Monday, December 06, 2010

No Shortcuts

Every year, I join the many folk who prepare for the holidays by preparing baked treats. I would venture that most of us have family favorite recipes we are implored (or even ordered) to make.

For me, it's butterscotch pie (from a recipe my mother-in-law gave me) and pumpkin pie made the Pennsylvania Dutch way.

And, it is especially Scottish Shortbread. There are no shortcuts to making shortbread. This simple tasty treat is a hand-mix all the way kind of recipe.

I got the recipe years ago from my Aunt Arlene. I lived with my uncle Arthur (my dad's brother) and his wife Arlene while my parents were on their last term as missionaries. I wrote a bit about her
here--she was the aunt who urged me to buy the practical coat. While she could be abrupt and severe, she could also bake up a storm.

Every Christmas, she made wonderful shortbread. And one year, she taught me how. I have tried to teach various family members who are interested--it really is a teach by doing kind of recipe.

So, here goes.


The ingredients:
5 cups flour-take out 2 heaping tablespoons, replace with 2 tablespoons cornstarch
3/4 cup white sugar
Pinch of salt
3/4 pound of butter COLD from the frig

Slice butter into flour mix and work with hands until all flour disappears and it begins to stick together. Form a ball of dough in your hand, then break it apart. When it is thoroughly mixed, the dough will crumble into the size of small peas--

Put into a flat pan (I use one about 10 by 14)--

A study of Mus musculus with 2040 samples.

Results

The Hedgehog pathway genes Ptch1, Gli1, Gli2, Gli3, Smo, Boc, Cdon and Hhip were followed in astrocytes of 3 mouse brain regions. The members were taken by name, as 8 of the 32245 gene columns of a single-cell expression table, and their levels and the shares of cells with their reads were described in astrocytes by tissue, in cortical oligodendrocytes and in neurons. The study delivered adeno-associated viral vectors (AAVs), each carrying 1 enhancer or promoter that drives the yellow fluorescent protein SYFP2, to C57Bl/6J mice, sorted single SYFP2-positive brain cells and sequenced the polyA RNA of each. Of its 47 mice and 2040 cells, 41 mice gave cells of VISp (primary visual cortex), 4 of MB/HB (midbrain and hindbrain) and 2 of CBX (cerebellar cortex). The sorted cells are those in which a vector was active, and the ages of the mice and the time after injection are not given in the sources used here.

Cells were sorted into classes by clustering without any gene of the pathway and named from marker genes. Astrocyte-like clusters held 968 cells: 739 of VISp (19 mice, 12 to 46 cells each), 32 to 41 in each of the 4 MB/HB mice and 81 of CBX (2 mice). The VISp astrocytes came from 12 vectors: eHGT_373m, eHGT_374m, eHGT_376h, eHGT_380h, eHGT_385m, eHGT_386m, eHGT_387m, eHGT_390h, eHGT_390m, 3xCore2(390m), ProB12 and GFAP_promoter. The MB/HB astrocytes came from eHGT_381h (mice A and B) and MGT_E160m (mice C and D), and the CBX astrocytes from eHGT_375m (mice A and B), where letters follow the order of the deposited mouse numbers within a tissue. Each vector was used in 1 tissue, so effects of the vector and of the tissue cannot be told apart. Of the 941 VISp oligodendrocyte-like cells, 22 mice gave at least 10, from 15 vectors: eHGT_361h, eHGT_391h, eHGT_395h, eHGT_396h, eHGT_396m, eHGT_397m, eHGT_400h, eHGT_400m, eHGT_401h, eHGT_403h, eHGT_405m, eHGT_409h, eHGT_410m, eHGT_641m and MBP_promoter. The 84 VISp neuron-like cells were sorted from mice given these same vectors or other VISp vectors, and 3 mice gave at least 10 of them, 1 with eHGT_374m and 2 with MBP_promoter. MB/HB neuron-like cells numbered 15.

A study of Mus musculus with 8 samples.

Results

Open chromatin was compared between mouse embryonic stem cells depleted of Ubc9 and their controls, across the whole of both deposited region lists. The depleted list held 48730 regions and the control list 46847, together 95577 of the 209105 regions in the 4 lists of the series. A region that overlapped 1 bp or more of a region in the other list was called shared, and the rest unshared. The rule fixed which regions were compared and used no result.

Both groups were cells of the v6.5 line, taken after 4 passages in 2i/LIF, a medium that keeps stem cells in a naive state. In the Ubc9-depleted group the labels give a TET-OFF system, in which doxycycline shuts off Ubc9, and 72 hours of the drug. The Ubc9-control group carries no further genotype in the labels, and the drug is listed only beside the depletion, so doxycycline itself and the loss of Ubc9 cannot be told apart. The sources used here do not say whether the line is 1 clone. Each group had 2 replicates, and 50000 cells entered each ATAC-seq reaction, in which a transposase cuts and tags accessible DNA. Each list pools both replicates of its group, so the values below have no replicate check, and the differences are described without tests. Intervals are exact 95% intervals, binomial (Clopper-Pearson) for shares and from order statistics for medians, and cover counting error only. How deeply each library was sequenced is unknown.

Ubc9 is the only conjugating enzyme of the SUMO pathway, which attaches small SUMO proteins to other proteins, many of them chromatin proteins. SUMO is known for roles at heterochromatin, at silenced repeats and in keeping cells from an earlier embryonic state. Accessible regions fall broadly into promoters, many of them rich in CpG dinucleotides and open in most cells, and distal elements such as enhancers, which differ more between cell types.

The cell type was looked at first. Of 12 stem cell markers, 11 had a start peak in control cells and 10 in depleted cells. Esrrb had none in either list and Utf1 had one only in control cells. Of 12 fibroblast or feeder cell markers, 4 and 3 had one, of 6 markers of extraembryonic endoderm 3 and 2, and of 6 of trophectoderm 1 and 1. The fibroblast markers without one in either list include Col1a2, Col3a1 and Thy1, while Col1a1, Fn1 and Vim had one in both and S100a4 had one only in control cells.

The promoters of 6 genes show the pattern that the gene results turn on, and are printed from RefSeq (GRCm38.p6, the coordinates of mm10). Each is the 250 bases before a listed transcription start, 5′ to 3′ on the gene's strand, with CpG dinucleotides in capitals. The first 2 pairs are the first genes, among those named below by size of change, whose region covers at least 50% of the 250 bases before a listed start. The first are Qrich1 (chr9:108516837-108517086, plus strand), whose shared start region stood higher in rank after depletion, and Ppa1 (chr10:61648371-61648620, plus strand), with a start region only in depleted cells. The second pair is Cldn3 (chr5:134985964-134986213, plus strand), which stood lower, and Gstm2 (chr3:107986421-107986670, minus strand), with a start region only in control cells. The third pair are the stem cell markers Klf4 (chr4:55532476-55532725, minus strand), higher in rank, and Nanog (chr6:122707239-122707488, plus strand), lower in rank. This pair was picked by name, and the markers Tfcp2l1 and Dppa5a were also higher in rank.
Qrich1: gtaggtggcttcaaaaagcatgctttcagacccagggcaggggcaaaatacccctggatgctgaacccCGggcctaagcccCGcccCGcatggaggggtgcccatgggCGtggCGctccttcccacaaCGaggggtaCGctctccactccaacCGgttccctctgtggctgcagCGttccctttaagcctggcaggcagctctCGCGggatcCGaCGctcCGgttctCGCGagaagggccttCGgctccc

Press in very firmly and evenly--

Prick with a fork--

Bake in a 375 degree oven for 15 minutes--

Reduce oven heat to 350 degrees and bake until it is the color of rich cream--

Remove from oven, sprinkle with sugar --

Cut immediately--

into pieces about an inch wide by three inches long--

Place in an airtight tin.
Now the terminology in the recipe is exactly as my aunt had written out the recipe. I can tell you from years of experience making shortbread that it takes about 10 minutes after reducing the oven heat for the shortbread to become the color of rich cream.
I love that description--the color of rich cream--but it assumes an experience few of us have had. When whole milk was delivered from house to house, the milk bottles would sit at the door, and the milk would slowly settle. By the time the housewife (most likely) brought the milk inside, it would have settled. And the rich cream--a pale yellow--would have been on top. If this ritual happened long ago, the cream would be skimmed off and used for special food preparation.
Sadly, today, our milk is put up in plastic bottles, and most of us are so far removed from its production we have no clue what color rich cream is.
I also like the detail of the dough crumbling into pieces the size of small peas. Maybe that's how you can recognize an authentic recipe--homey little details such as these.
If you are a pie dough whiz, I think you will do well at making shortbread.
But, don't take any shortcuts!
Apologies on the photo orientation--Blogger got very weird and would NOT let me rotate some of the photos for correct view.


Jayne said...

Oh Donna, that sounds (and looks) so yummy!!

Anonymous said...

Looks delish! I started making shortbread last year. This is the recipe I used:

Looks like Martha takes shortcuts. Oh well, it was easy and utterly delish! Thanks for showing how you do the pricking on top. I'll be baking a BUNCH this weekend -- it makes great teacher gifts! YUM! And, yes, I did dip the ends in chocolate.

Beverly said...

Oh, thanks for the recipe. I think I shall try this. I have a recipe handwritten by my mother on the back of an envelope.

Anvilcloud said...

Love shortbread. Would almost like to try this.

NCmountainwoman said...

We love shortbread around here. Not too sweet, melts in your mouth and so delicious. I've used only Martha Stewart's recipe. Perhaps I'll try yours this year.

Denise said...

I can attest to the fact that Donna’s shortbread is the BEST!

Climenheise said...

I second Denise's comment! Thank you, Donna!